Archaeology Magazine Archive

A publication of the Archaeological Institute of America



Staff Sergeant Walter Sinnott (Courtesy U.S. Army Corps of Engineers)

More than 47,000 boxes full of archaeological materials excavated at sites across the country by the United States Army Corps of Engineers have been sitting in storage, some of them since the early 1950s. With thousands of soldiers returning from Iraq and Afghanistan needing job training and, in some cases, rehabilitation to help them reenter civilian life, corps archaeologists saw an opportunity to help veterans and get their collections ready for study. In the summer of 2009, the corps, working with their contracting partners, Brockington and Associates, the nonprofit Central Savannah River Area Wounded Warrior Care Program, and Veterans Affairs, started the Veterans Curation Project. Former soldiers including Staff Sergeant Walter Sinnott, a Purple Heart recipient and veteran of the wars in Afghanistan and Iraq, are receiving on-the-job training in processing archaeological collections. Sinnott spoke with senior editor Zach Zorich about being part of the program.

Were you already interested in archaeology before joining the Veterans Curation Project?

Absolutely. I've always been interested in American history. I was born and raised in Connecticut, so we got a good, healthy dosing of history. While the foreign stuff never really interested me, I liked North American culture because it's so young and new and it evolves so fast. I like the settlement period.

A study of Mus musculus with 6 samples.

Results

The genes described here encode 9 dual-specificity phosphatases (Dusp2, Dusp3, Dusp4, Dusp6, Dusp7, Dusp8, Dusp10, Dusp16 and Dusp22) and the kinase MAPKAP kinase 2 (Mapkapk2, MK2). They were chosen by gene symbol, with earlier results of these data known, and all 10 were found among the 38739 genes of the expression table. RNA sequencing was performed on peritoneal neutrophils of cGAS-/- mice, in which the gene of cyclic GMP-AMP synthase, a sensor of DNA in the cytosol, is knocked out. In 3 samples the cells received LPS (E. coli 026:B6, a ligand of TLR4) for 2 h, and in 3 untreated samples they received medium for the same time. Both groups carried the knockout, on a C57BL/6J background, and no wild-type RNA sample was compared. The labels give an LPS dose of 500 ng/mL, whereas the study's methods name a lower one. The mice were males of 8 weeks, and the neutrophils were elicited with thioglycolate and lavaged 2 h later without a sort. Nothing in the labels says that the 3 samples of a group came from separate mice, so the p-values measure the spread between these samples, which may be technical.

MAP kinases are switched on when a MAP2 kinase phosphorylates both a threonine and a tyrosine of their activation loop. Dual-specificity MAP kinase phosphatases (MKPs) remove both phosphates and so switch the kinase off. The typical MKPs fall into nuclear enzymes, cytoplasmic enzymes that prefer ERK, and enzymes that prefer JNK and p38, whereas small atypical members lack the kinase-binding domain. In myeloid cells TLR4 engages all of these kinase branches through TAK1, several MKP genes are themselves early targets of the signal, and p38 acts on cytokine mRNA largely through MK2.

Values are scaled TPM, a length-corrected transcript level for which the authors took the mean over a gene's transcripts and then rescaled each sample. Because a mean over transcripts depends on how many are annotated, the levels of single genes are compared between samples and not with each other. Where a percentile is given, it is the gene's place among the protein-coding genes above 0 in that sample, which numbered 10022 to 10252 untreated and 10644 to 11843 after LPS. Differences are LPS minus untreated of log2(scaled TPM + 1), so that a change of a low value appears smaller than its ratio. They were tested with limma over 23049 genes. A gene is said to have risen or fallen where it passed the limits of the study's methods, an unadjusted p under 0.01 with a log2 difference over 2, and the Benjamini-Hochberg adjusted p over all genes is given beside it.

Did they let you work with anything from that period?

The stuff we're working with is from, I think, 3000 to 8000 B.C., Late Archaic. There are a few of us who had Indian human skeletal remains in our collections. They took them out initially because they didn't know how we would react. Some of us who were working with the artifact collections got to marry them up with the human remains collections. That was extremely interesting. It brought everything together and made it a lot more personal.

Has there been an artifact or collection that really caught your interest?

Actually, I find the archives that accompany the artifacts to be the most fascinating thing. Even if, initially, the artifacts are what you want to get your hands on—wow, these things are 8,000-year-old projectile points. That's pretty cool. But if there are field notes or other documents, it just gives you a little bit more background: how they found it, what kind of condition it was in.

What do they have you doing in a typical workday?

The collection is mainly projectile points, scrapers. There's a lot of broken pottery and stuff like that, mostly from along the Ohio River. We're basically taking the collection and rehousing it, recataloging it, uploading it into a database, taking forensic photography of anything that needs to be taken.

What have you gotten out of the program other than a paycheck?

I suffer from PTSD. Typically, there's a lot of isolation and depression and whatnot, so sitting down with people and interacting with them on a normal level can help anyone with the disorder a lot.

Have you thought about your next step?

Right now, I'm contemplating moving back to Connecticut to be with my family, or I'm going to go back to school.

And what do you think your future field might be?

I'm thinking of maybe taking some classes in anthropology and journalism. Then I'd like to go back to work for the Army Corps of Engineers.